Course on Student Engagement

Posted on September 18, 2011. Filed under: thinking aloud |

I have been working on an online course on student engagement for the open-source learning site P2PU. The content of the course keeps exploding as I realize how far-reaching and ultimately all-encompassing the topic of engagement is to education.  This process has led to some interesting conversations in my head.

Who is responsible for student engagement? I find myself thinking about where engagement and teaching differ.  I mean, if we are not engaging students, can we even call it teaching?  I know many people believe that the responsibility for learning lands on the learner, but I still wonder at the role of the teacher and what a teacher can influence that would lead to better student engagement.  I am sure I think about this incessantly because I am in elementary education, where blaming the 5 year old for not taking responsibility for their learning, seems, well, ridiculous.

So, what is an educator’s responsibility in regards to engagement? And what, if anything, can we say is the learner’s responsibility? This is a bigger question that goes beyond my course and speaks to everything from the history of education to cultural norms about schooling. As an avid learner, I believe people can and should seek out what they want to learn and remain continuously active in the process.  I believe that is the most powerful form of learning. On the other hand, as an elementary educator and a person who is in this profession because she wants to serve those with less opportunity, how can I abandon my students to their own devices when they have not had the opportunity to develop those devices?  Is that what a teacher does?

Another consideration that haunts me as I work on this course is relationship.  Research grows regarding the importance of relationship in the learning environment.  This makes sense to me as I look back on teachers that had influence over me as well as my own experiences as a teacher.  I even remember poorly-skilled teachers who, because they built relationships, were able to move students along a strong trajectory of learning. Relationship is not the same as engagement, and yet it seems foundational to engagement and learning. It is as if a learner shuts down in an environment where they do not feel wanted, appreciated, and welcomed.  Shutting down would be the opposite of engagement, so relationship is essential to engagement. Wow, but there is not enough room in a 6 week course to fully explore relationship in the learning environment. Relationship is most definitely a rich and complicated topic of its own. So I find I will have to merely touch on it as an element to consider within engagement and move along. Frustrating.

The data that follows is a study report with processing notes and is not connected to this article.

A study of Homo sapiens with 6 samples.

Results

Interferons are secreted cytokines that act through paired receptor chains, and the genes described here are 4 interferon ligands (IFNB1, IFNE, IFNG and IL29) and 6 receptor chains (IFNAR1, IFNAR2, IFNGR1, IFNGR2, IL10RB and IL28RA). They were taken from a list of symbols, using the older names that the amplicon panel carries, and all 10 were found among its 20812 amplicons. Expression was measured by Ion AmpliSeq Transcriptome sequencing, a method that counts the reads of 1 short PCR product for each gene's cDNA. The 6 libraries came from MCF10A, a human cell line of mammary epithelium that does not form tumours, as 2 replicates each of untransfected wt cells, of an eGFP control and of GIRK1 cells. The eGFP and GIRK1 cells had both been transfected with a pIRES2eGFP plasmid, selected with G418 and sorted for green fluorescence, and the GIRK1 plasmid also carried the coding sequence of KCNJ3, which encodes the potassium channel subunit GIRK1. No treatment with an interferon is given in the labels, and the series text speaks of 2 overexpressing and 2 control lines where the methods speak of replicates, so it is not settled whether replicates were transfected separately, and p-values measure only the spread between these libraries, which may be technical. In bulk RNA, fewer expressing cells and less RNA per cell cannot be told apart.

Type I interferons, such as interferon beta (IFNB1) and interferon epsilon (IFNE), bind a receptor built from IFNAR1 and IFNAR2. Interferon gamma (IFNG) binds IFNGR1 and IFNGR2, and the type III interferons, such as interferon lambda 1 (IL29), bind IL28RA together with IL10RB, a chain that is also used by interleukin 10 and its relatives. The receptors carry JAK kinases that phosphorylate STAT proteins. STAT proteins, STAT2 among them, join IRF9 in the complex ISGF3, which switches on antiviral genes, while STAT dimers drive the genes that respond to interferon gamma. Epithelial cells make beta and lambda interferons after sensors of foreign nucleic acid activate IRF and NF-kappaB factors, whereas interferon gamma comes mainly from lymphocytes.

I am also finding myself examining this idea of how instructional design leads to different sorts of engagement strategies.  I am in a district and school where direct instruction has become the norm.  For a standards-based environment, direct instruction is the most efficient way to help children learn.  In an educational world measured by standards-based testing it is a necessity. Engagement in a direct-instruction, standards-based environment is all about attention and participation. The teacher has chosen the learning path (through the standards) and therefore the job of the teacher is to move the students along a path by getting and keeping student attention through the participation of all students. In a different environment, like project-based instruction (I have had the opportunity to teach in other sorts of environments), the instructional design would be fluid and students would have more say in direction.  In this environment engagement becomes about developing student skills with planning, asking engaging sorts of questions, and self-monitoring. Participation takes a back seat to other engagement considerations. So when we discuss engagement in education, we are really matching apples to oranges if we do not consider the instructional design in our thinking.

Finally, what about this big idea of motivation?  Could we have more opposing opinions on a single topic? Classroom management, teacher training, sheer common sense tell us we need to use bells and whistles, rewards and consequences, lots of praise, and a treasure box filled with prizes to keep students on task and moving ahead.  On the other hand, behavioral research, psychologists, and others are begging teachers to stop and reconsider the importance of intrinsic motivation.  Furthermore, they are pointing at extrinsic bells and whistles as the teaching strategy that undermines intrinsic  motivation. What does a teacher do with that?  How do we move ahead in a classroom of 25-45 students without the treasure box?  Talk about the road less traveled.

So there it is, a line-up of questions raised by considering the phrase “student engagement.”  I have realized that in all my years of teaching I have learned the tip of the iceberg on engagement, and I look forward to learning much more as I work with participants in the P2PU course.